Affecting a quarter of the population1, food intolerances can cause a wide variety of symptoms – while also feeling like a pesky puzzle.
Let’s explore the process for trying to get a diagnosis, and how a dietitian can help manage your symptoms.
- A food intolerance is a chemical reaction that causes a physical response when consumed.
- Food allergies are linked to the immune system and can be as severe as anaphylaxis, while intolerances involve the digestive system making reactions less severe – but still uncomfortable and frustrating to get to the bottom of.
- Managing a food intolerance may involve an elimination diet, which should only be done under the supervision of an accredited dietitian and your GP and only for a short period of time.
- The easiest way to treat a food intolerance is to eliminate the offending food/s from your diet. It is sometimes possible to build your tolerance for foods by avoiding them for a time, and then reintroducing it in small doses.
- A qualified dietician can help you identify and manage food intolerances in a variety of ways from monitoring your diet to create an evidence-based plan and providing ongoing support and education.
What is a food intolerance?
The term food intolerance broadly refers to foods that cause a chemical reaction within the body which leads to a physical response when consumed. Symptoms can include:
- stomach pain
- itchy and/or runny nose
- sinus congestion
- irritable behaviour
- headaches or migraines
- rashes or hives
- mouth ulcers
Food intolerances are sometimes confused with food allergies as they have many common symptoms. However, allergies involve the immune system and can be as serious as anaphylaxis, while intolerances involve the digestive system and cannot.1
While symptoms caused by food allergies typically develop very soon after consuming the food, symptoms caused by food intolerance can be immediate or can take up to 12 to 24 hours to develop.
Intolerance reactions are usually related to the amount of food consumed and may not occur unless a certain amount is consumed.2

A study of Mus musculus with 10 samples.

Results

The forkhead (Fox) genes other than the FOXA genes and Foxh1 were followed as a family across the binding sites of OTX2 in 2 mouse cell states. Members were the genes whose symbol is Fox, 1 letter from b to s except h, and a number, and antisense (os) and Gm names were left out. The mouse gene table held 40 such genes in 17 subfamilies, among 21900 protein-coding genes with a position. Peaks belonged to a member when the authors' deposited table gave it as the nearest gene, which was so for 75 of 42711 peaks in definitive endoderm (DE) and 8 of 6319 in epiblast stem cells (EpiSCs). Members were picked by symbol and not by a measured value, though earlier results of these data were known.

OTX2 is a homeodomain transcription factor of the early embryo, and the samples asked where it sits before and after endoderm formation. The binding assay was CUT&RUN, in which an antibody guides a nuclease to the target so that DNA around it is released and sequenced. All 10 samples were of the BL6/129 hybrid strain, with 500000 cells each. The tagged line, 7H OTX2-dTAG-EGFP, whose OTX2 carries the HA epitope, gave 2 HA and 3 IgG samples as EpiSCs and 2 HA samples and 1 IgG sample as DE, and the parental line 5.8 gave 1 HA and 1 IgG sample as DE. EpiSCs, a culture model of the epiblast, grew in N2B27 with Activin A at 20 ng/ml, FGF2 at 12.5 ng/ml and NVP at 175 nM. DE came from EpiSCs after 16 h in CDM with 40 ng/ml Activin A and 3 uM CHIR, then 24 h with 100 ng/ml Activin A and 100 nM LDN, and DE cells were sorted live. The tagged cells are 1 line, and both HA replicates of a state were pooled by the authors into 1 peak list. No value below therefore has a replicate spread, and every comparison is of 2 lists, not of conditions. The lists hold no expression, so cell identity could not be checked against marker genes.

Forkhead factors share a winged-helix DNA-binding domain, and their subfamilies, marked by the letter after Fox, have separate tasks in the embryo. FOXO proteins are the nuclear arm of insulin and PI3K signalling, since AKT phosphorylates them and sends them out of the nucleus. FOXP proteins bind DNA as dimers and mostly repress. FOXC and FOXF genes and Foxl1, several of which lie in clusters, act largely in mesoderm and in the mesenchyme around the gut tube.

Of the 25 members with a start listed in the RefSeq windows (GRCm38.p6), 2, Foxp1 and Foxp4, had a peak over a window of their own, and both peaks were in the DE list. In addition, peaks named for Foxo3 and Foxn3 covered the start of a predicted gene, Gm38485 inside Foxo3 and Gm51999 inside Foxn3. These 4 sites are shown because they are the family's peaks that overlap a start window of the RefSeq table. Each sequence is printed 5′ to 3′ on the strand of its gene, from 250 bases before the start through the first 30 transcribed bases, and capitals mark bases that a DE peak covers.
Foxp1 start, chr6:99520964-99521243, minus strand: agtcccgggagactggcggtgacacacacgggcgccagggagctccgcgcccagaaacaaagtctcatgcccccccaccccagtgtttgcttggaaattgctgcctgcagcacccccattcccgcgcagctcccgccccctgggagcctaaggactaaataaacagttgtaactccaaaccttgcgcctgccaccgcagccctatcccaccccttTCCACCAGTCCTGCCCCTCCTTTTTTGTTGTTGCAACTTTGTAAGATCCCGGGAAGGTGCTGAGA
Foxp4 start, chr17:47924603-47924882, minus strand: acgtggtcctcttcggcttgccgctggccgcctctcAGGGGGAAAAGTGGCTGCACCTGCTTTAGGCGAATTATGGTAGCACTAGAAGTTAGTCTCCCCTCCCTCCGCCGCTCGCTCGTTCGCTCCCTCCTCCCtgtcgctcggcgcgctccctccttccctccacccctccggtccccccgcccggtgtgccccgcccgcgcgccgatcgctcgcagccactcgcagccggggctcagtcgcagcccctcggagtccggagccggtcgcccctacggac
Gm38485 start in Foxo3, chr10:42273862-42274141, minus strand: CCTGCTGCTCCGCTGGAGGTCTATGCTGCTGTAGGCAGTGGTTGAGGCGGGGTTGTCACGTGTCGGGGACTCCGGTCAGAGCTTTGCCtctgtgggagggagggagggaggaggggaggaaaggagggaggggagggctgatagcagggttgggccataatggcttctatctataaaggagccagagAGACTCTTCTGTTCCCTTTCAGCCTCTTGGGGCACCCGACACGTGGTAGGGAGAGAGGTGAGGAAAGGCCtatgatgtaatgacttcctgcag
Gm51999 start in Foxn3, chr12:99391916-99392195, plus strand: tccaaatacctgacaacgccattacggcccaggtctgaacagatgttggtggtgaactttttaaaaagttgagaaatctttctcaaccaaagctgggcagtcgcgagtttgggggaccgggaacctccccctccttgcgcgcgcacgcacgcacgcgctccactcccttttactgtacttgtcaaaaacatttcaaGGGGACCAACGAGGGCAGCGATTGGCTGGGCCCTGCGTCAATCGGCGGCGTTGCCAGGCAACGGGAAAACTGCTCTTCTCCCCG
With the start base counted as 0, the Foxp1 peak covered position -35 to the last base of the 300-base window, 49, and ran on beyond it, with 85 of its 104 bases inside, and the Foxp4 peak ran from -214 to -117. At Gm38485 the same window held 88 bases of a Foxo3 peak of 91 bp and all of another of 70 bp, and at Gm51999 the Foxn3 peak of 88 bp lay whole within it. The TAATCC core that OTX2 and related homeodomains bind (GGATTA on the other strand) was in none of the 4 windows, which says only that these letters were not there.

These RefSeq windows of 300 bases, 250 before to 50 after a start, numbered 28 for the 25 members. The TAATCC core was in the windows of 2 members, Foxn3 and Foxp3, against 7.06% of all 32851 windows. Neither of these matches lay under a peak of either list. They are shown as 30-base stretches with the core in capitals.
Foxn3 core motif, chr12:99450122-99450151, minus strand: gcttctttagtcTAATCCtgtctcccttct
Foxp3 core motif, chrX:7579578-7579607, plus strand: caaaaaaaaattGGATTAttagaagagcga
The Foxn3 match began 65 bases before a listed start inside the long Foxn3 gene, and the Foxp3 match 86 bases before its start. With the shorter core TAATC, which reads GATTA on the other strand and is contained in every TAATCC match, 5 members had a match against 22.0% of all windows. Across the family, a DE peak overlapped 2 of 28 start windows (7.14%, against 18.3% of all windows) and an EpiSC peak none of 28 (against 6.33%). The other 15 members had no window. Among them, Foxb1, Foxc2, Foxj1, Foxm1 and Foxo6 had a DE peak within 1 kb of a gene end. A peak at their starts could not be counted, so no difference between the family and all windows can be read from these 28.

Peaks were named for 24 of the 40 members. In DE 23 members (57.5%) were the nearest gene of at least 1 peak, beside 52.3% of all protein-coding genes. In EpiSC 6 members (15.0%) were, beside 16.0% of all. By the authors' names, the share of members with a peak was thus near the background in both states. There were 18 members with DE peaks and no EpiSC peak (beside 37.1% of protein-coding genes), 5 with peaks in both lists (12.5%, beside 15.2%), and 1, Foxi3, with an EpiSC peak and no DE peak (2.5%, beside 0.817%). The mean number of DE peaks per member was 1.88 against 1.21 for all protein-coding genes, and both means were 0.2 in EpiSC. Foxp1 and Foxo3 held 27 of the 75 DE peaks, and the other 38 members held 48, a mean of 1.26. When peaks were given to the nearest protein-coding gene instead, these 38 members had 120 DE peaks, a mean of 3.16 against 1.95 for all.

Some food intolerances are hereditary, and are more common than allergies, affecting up to 25% of the population across children and adults. Food intolerance has been associated with asthma, chronic fatigue syndrome and irritable bowel syndrome (IBS).3
There are a wide variety of foods that people can have an intolerance to. Some of these include:
- eggs – especially egg whites
- flavour enhancers such as msg (monosodium glutamate 621)
- food additives
- histamine and other amines in some foods
- strawberries, citrus fruits and tomatoes
- wine – particularly red wine2
How are food intolerances diagnosed?
It can be difficult to diagnose a food intolerance because the symptoms are so broad and can also be linked to other health conditions.
Talking to your GP is always a good first step. As well as ruling out other possible conditions that could be causing your symptoms, they can refer you to an accredited dietician, who can:
- determine if diet is causing your symptoms
- identify individual triggers
Managing a food intolerance may involve an elimination diet, which should only be done under the supervision of an accredited dietitian and your GP and only for a short period of time.2
Treating food intolerances
The easiest way to treat a food intolerance is to eliminate the offending food/s from your diet. It is sometimes possible to build your tolerance for foods by avoiding them for a time, and then reintroducing them in small doses.2
How can a dietitian help manage food intolerances?
A qualified dietician can help you identify and manage food intolerances in a variety of ways, including:
- Monitor an exclusion diet and make recommendations including how to establish individual tolerance levels to safely reintroduce foods to help maintain a nutritional balanced and diverse diet
- Consider relevant cofactors and non-dietary triggers (such as exercise, alcohol, medications)
- Create an evidenced-based management plan to suit your lifestyle
- Provide age-appropriate education, including label reading and making appropriate food substitutions, to ensure nutritional adequacy4
“It’s important not to restrict your diet too much and limit nutritional variety and diversity. A dietitian can help with increasing that variety and diversity while limiting symptoms from food intolerances,” HBF Dietitian Mary Du Heaume adds.
Looking for healthy eating advice?
- HBF Extras cover can pay benefits towards visits with a dietitian or nutritionist depending on your policy, who can give you expert advice on healthy food choices to optimise your health and wellbeing.
If you’re an HBF member, you can check what you're covered for by logging on to myHBF or calling us on 133 423.
Explore Extras Cover
Diet and nutrition support with HBF
With benefits for dietitian and nutritionist visits, HBF Extras cover can help you feel your best.
Find out more
This article contains general information only and does not take into account the health, personal situation or needs of any person. In conjunction with your GP or treating health care professional, please consider whether the information is suitable for you and your personal circumstances.